A $15 minimum wage is about basic fairness
No full-time worker should have to live in poverty
WHEN WE LOOK back at 2016, we should remember it as the year our working class finally began turning the corner after far too many lean years. Evidence of progress – and a growing chorus of support – are all around us. Not only are voters taking the fight for fair wages to the ballot box as the issue of income inequality becomes a central point in the presidential election, they are securing major wage victories in cities and states around the nation.
We will remember this year – and 2015 – as the time when momentum shifted in the effort to bridge the gap between the richest and poorest. Workers in New York and California recently celebrated historic achievements when those states announced a pathway to a $15 an hour minimum wage for the first time. And here in Massachusetts, Boston Mayor Martin Walsh last week voiced his support for a living wage of $15 an hour.
The news comes as workers from all walks of life are increasingly agreeing that everyone who works a fulltime job deserves a paycheck that can support a family. Right now nearly 64 million Americans – including 1.2 million workers in Massachusetts – are falling far short of that. They are paid less than $15 an hour, forcing them to make choices that no hard-working person should make – pay the heating bill or buy groceries? Pay for medicine, or pay the rent?
There has been enormous progress since the first wage action event two years ago, but clearly an enormous amount of work remains to be done. That’s why Massachusetts workers in a variety of industries – from health care and transportation to education, retail and fast food – are standing up to demand change. We are demanding a $15 minimum wage in Massachusetts. On Thursday, we will join millions of workers around the nation and the globe in what will be the largest-ever series of wage-related strikes and protests.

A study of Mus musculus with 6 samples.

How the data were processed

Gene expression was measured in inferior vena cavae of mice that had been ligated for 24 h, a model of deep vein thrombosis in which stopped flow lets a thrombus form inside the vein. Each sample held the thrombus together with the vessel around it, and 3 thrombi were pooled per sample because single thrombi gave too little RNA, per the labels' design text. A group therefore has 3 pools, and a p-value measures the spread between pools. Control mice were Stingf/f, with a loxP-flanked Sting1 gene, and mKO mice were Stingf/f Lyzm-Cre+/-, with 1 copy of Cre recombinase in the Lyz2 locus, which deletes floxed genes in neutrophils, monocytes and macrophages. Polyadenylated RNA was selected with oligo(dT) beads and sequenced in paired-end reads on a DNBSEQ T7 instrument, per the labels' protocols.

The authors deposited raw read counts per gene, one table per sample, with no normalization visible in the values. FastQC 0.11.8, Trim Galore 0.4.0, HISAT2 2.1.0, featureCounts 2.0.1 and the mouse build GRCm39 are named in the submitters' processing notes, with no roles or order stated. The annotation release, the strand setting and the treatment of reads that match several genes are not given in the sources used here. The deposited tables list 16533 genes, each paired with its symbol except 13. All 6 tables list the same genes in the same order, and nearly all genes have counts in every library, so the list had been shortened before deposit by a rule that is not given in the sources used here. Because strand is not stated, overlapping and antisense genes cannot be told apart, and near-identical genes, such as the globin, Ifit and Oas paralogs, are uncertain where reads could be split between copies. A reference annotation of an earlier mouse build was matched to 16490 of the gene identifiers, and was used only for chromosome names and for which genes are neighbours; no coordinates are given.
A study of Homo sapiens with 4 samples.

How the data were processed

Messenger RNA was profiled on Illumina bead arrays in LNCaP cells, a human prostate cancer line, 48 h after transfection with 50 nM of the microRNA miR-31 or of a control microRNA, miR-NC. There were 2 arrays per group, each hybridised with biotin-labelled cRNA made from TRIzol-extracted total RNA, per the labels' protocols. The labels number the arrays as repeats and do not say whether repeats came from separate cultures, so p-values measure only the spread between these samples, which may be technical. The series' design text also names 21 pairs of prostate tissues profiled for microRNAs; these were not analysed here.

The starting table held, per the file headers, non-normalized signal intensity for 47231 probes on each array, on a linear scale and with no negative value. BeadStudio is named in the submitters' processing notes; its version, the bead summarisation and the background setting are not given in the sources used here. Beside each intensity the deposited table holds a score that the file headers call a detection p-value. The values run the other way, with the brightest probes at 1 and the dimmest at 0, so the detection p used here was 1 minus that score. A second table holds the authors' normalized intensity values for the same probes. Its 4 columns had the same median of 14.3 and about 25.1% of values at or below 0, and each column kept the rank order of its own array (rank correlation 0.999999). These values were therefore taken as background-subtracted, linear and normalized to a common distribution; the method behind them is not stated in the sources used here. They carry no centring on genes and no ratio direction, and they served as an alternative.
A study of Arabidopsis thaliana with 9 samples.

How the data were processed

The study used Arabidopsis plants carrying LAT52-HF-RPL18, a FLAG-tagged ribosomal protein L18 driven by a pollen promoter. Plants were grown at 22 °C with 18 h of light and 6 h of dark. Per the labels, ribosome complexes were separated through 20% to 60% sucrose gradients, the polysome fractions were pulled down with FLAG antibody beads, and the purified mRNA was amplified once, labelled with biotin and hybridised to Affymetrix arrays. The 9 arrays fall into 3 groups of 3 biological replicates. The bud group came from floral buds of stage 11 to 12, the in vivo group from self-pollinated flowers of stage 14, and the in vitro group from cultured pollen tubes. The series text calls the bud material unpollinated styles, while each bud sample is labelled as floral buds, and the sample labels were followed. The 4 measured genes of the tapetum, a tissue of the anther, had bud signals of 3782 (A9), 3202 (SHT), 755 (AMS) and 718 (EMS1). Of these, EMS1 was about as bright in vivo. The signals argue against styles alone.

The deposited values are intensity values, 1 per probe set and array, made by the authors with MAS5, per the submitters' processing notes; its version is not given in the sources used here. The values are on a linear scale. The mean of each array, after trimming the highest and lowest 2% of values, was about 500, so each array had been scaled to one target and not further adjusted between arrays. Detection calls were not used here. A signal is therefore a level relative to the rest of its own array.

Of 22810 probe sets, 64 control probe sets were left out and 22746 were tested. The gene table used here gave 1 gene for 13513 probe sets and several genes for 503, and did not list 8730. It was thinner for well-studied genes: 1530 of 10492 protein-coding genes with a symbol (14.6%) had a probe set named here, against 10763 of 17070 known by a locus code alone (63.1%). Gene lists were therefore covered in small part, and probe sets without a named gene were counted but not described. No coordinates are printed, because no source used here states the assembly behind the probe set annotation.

Why wouldn’t they, when the gap between the top and the bottom has never been greater? The world’s top one percent together owns almost $43 trillion – more than the bottom 3 billion people on earth. Here in the US, wages for the middle and working class continue to stagnate, even as CEOs are making – and taking home – more.
That’s why April 14 is so important. It’s when workers like Joanne Edmond of Brockton will rally outside the State House in support of the most basic and fundamental part of the American dream: a wage that can support her and her son. Joanne has worked for 10 years as a certified nursing assistant at Golden Living Center – Wedgemere in Taunton, where she makes $13.64 an hour and has no benefits. It’s hard to pay the rent and get a good education for her son on her salary.
Joanne and thousands of other Massachusetts workers will come together to demand $15 an hour and union rights. And that’s not all. Throughout the day, workers will take a stand in the fight for fair wages. Fast food workers are planning to strike, while students and faculty at Boston University will rally for a fair contract for adjunct professors. Workers also plan to march to McDonald’s and McCormick & Schmick’s – two of the area’s worst purveyors of poverty wages and poor working conditions.
Just as important, workers will put a spotlight on poverty wages and advocate for a variety of bills – currently pending in the Legislature – that will improve wages and working conditions.
While we are calling for a $15 an hour minimum wage for all workers in Massachusetts, passage of these bills now is critical because they will immediately provide a path to a living wage to tens of thousands of workers employed in industries such as big box retail, aviation services, and homecare. The time to take action is now. With a few simple votes, the lives of families in virtually every Massachusetts city and town will be made dramatically better.Tyrék D. Lee, Sr. is the executive vice president of 1199SEIU United Healthcare Workers East, which represents more than 52,000 healthcare workers throughout Massachusetts and over 400,000 workers across the East Coast.